A recent development at the University of Colorado has put stress on the fundamental tenet of academic freedom. Responding to a radio show by right-wing provocateur Bill O’Reilly, the Republican governor of Colorado, Bill Owens, challenged the University of Colorado’s regents to fire tenured Prof. Ward Churchill for his comments justifying terrorism against the United States. Thus far, the regents have not given in to Owens’s demands, and nor should they. The principle of academic freedom should inhibit Colorado’s government and other state governments from controlling research and free speech on university campuses.

Ken Srdjak

Churchill’s background is itself a subject of controversy. There are allegations that Churchill misrepresented his qualifications — including false claims about his education and Native American heritage — in order to receive tenure. The Colorado regents should investigate these allegations; despite his tenure, Churchill can and should be fired if he lied about his expertise and ethnicity in an effort to gain tenure. However, he should not be fired for the content of his controversial research.

The tenure system ensures the proper functioning of academia. Universities offer professors protection from termination based on research content in exchange so professors will research controversial topics. College campuses are designed to be the epicenter of thought in America, and at times controversial subject matters must be researched by tenured professors. Universities should and do have the freedom to pursue professors who wish to research controversial topics without giving in to government censorship pressures.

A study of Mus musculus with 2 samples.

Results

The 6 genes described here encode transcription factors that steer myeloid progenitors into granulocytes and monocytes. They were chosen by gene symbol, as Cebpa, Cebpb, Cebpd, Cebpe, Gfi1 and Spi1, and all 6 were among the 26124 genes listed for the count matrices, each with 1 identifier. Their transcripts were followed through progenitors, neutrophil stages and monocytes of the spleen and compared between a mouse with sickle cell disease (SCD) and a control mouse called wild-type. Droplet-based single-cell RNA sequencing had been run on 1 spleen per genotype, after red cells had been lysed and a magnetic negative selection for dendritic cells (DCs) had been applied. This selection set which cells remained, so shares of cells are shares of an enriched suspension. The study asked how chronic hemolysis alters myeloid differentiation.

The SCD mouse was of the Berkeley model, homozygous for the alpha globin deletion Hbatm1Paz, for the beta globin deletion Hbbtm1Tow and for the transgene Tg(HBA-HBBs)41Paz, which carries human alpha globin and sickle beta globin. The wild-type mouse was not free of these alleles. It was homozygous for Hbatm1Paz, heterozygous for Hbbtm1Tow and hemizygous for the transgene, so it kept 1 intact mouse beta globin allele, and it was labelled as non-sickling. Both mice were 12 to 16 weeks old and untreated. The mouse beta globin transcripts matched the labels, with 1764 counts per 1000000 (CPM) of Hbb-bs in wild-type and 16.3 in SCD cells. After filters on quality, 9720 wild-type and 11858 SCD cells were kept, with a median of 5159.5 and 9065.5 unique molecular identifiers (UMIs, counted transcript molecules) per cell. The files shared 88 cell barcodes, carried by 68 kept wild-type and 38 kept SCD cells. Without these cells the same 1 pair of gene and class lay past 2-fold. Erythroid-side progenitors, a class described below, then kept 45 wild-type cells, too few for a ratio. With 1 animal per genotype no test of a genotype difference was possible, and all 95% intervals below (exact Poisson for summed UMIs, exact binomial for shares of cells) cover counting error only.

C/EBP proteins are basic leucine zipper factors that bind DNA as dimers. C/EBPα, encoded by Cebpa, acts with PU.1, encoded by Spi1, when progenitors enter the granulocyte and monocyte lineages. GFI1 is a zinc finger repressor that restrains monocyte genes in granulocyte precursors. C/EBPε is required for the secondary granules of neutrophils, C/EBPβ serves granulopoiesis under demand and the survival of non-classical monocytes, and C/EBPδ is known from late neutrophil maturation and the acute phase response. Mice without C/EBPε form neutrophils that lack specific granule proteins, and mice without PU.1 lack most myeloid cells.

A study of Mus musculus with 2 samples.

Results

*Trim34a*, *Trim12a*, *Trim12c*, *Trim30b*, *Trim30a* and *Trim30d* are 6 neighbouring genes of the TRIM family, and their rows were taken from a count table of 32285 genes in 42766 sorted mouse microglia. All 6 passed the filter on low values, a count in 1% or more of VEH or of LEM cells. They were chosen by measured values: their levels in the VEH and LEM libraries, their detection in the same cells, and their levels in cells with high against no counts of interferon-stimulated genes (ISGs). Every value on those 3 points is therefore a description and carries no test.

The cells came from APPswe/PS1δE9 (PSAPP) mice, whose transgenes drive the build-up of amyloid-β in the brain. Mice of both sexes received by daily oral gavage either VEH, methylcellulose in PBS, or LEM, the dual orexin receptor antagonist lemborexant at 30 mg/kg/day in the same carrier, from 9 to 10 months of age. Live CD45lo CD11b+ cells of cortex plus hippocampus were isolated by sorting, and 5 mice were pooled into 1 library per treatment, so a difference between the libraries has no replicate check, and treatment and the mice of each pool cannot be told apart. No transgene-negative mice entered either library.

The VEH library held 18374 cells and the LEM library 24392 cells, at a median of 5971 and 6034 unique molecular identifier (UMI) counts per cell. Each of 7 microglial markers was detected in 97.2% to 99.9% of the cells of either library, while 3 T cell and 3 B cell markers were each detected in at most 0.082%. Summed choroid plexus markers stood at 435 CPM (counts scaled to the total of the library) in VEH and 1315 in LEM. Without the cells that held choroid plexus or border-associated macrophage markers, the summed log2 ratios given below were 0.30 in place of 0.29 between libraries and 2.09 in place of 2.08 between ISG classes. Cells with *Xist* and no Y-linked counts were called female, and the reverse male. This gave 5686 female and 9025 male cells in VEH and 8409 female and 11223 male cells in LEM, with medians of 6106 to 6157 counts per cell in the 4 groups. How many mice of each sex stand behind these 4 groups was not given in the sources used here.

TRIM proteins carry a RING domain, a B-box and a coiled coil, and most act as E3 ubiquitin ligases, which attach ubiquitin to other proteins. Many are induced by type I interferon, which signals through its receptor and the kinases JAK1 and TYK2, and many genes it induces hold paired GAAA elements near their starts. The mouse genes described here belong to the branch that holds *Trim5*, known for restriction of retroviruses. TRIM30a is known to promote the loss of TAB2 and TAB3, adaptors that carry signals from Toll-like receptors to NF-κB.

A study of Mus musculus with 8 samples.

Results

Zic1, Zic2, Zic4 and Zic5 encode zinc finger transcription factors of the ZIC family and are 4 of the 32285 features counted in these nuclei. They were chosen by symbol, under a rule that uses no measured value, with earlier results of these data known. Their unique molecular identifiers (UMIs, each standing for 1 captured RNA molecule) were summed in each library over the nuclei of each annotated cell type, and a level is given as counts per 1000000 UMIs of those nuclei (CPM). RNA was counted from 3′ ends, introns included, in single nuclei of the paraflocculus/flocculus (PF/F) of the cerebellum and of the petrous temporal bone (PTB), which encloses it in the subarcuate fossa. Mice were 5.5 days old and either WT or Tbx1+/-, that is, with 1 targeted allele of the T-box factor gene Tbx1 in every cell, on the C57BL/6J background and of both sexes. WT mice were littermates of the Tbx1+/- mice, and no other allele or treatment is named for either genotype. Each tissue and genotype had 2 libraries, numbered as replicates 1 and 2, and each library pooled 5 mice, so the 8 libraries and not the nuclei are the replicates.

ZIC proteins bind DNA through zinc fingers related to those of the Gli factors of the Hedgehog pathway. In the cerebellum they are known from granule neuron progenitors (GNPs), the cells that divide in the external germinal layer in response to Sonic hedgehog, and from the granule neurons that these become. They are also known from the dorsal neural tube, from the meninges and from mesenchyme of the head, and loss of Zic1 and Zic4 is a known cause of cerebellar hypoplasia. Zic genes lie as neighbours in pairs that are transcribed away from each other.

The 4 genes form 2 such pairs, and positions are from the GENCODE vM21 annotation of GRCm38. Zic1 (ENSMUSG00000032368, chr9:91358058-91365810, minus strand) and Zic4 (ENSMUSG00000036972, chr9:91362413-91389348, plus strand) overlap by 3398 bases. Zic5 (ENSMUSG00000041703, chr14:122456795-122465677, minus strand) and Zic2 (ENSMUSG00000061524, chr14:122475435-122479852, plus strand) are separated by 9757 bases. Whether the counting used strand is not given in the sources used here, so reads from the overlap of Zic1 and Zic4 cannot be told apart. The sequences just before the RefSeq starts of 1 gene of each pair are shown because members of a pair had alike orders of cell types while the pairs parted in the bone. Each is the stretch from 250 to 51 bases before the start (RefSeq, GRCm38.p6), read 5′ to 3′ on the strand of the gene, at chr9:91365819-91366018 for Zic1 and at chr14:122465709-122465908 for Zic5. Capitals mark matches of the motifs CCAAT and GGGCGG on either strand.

Churchill is not the first professor to come under heavy criticism for professing controversial anti-American views in a time of war. However, as long as a professor’s speech falls within the protections of the First Amendment — that is, the speech does not incite violence or damaging actions — it must not be censored. In the 1970s, the Franklin affair erupted at Stanford University when a controversial tenured English professor — an admitted Maoist — was fired for inciting student riots against the Vietnam War. Stanford was able to produce conclusive evidence to prove Franklin used his position as a professor to incite campus violence. It is logical to argue that this speech — which directly encourages people to act in a violent manner — should not be protected.

Churchill’s lectures, however, have not gone so far as to actually call for violence against this country. While he may justify terrorism, suggest that the Pentagon is a valid target for attack and openly admit a strong dislike for this country, he has not directly suggested that his students plan and undertake a terrorist attack. While he may be written off as a fraudulent quack and an extremist, he should not be removed from his position simply because his views are controversial.